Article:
The Queen held a meeting of the Privy Council on Friday, but while the business was routine, the circumstances were not. The United Kingdom is currently in a state of lockdown due to the COVID-19 pandemic, and with the Government stressing the need for social distancing, a traditional Council meeting would have been impossible. Instead, the Court Circular tells us that the Council was held via video link.
Despite the novel medium, the Council appears to have been conducted in the usual fashion. It was attended by the Lord President and three other ministers, plus the Clerk of the Council. At first glance, this seems a bit comical. At a typical meeting, the Queen and the Lord President are the only ones who actively participate—the other participants are more or less ornaments. While it’s often said that Privy Council meetings have a quorum of three, this is merely a matter of custom rather than law. In theory, at least, the meeting could have taken place with only the Queen, the Lord President, and the Clerk present. Of course, virtual attendance isn’t exactly burdensome, so the Powers That Be may well have decided to follow the customary practice just to be on the safe side.
It will be interesting to see if this innovation survives the present pandemic. Ministers haven’t always been keen to attend Privy Council meetings. Reflecting on a 1966 meeting of the Council held at Balmoral, Richard Crossman wrote:
[F]our ministers, busy men, all had to take a night and a day off and go up there with Godfrey Agnew [the Clerk of the Council] to stand for two and a half minutes while the list of Titles was read out. It would be far simpler for the Queen to come back to Buckingham Palace, but it’s lese-majeste to suggest it.
Now that there’s a precedent for holding a Council via video link, will ministers still be expected to head to Scotland or Norfolk for emergency meetings, or will they be allowed to join remotely? By the same token, will Counsellors of State still need to hold Privy Councils when the Sovereign is absent from the UK, or will the Monarch simply preside from a distance?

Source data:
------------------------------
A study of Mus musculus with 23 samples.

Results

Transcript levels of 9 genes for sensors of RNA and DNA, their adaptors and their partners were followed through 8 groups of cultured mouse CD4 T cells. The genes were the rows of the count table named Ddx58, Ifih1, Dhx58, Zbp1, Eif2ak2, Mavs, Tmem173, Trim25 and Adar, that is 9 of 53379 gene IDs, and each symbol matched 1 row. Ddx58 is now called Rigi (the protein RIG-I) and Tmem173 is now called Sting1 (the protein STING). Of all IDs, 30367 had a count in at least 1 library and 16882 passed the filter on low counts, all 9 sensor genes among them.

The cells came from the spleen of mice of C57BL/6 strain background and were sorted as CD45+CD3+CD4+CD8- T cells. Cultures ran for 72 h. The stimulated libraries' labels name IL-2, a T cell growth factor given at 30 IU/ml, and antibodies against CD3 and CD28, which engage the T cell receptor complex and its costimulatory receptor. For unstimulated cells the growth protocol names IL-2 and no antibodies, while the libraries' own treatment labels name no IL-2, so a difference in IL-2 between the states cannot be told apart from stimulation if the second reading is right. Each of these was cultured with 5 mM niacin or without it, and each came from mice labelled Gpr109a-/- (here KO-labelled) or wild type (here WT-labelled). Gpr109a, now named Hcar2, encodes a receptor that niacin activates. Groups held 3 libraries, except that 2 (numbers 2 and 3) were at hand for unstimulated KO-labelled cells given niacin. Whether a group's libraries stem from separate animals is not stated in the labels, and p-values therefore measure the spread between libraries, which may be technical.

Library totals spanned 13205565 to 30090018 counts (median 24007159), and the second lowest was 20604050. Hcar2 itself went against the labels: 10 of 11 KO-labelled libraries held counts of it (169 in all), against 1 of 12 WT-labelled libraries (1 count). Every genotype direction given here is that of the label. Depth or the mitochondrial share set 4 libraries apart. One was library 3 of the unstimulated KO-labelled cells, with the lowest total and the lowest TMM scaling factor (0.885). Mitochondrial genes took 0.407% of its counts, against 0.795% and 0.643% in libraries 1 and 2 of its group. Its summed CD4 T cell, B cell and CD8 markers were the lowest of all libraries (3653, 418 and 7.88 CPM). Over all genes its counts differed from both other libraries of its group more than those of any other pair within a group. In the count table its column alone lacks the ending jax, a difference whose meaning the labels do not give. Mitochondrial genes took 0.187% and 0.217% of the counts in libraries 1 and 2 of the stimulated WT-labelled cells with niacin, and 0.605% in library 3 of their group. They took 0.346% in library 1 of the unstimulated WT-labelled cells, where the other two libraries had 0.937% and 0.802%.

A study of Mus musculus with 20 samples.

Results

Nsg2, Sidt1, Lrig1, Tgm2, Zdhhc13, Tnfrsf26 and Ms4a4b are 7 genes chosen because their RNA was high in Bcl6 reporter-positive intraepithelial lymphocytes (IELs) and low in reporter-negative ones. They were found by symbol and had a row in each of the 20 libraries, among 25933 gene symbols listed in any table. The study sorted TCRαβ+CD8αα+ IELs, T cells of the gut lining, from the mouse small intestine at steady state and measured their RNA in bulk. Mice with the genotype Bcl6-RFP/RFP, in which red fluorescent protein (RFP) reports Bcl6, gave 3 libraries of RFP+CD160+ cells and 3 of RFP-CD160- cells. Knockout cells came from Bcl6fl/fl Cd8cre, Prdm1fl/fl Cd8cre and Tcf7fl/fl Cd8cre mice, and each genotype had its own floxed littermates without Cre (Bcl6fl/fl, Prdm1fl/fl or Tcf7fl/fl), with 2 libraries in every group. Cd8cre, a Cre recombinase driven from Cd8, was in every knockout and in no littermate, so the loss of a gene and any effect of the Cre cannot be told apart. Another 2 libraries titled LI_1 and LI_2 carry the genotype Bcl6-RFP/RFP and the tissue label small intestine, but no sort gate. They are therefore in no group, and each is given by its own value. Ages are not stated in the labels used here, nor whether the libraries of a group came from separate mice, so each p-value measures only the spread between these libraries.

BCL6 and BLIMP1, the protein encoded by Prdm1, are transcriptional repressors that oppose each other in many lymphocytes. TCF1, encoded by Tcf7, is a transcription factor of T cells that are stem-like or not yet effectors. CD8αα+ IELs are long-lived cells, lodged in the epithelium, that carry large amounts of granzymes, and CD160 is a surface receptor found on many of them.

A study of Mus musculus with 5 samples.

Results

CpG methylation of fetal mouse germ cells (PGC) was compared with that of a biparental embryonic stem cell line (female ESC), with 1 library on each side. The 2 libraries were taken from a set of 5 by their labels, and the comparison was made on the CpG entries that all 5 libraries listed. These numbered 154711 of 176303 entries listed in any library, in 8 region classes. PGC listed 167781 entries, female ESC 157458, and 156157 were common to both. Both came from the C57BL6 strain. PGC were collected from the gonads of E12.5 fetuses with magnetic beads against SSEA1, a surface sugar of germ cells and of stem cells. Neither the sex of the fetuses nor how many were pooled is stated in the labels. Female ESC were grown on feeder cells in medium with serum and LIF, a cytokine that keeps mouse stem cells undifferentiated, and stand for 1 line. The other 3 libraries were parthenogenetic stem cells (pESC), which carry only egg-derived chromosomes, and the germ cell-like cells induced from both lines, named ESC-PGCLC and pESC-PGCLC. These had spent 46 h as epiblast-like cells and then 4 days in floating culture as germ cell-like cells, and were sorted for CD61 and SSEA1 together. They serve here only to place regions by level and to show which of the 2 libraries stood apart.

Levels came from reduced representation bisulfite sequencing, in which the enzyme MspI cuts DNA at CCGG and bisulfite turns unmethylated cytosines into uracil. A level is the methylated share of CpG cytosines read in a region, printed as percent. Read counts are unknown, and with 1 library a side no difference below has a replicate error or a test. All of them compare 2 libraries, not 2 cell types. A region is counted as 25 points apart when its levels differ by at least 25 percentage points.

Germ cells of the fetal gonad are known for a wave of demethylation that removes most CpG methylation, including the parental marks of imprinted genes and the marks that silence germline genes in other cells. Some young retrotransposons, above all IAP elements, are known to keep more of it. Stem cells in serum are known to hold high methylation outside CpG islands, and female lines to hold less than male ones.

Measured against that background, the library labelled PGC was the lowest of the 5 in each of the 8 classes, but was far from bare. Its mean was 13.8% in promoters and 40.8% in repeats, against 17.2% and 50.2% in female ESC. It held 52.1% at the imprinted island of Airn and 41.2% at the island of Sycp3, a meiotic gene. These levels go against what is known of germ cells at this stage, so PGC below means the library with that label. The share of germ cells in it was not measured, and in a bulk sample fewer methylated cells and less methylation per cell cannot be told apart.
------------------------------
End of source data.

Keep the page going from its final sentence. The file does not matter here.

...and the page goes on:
History suggests that tradition can be quite malleable, and there have been many instances where temporary solutions eventually became the norm. The Sovereign used to signify royal assent in the presence of both Houses of Parliament, but when Parliament passed a bill of attainder to execute Queen Catherine Howard, they allowed Henry VIII to signify his assent by commission in order to avoid a potentially awkward situation. Over time, the new practice became the default. The Monarch used to present gifts of gold, frankincense, and myrrh on Epiphany, but in 1758 George II was too grief stricken to attend following the death of his daughter Princess Caroline, so the Lord Chamberlain acted in his place. Now, the offerings are always made by two Gentleman Ushers. Even the practice of Privy Counsellors standing up during meetings appears to have been an innovation devised by Queen Victoria to keep meetings brief during her seclusion following the Prince Consort’s death. Consequently, it’s not hard to imagine that virtual Councils could become a regular occurrence or even the default.
 The Lord President reads off a list of Orders in Council and the Queen signifies her approval by periodically saying “approved”.
 The three-person quorum seems to derive from the personal preference of Queen Victoria.
 Although the Clerk isn’t formally part of the quorum, his signature is used to authenticate Orders in Council.
 Richard Crossman, Diaries of a Cabinet Minister, vol. 2 (London: Hamish Hamilton & Jonathan Cape; Book Club Associates), 44.
 Queen Victoria was the last monarch to signify Royal Assent in person in 1854. The practice of signifying assent by commission in turn largely fell by the wayside following the Royal Assent Act 1967 which introduced a much simpler procedure whereby the Monarch simply signed Letters Patent to signify assent.
 There seems to be some confusion as to when this became the norm. For example, this website about the Yeomen of the Guard says that “[u]ntil this time of George III, the Sovereign always attended the ceremony in person, the sword of state carried before him and preceded by Heralds, Pursuivants and Knights of the Garter, Thistle and Bath. In 1758 the funeral of Princess Caroline took place on the eve of the Epiphany and the King deputed his Lord Chamberlain to make the usual offerings, with the Yeomen of the Guard in attendance instead of the Heralds.” However, George III didn’t ascend the throne until 1760, so the king in question would have been George II.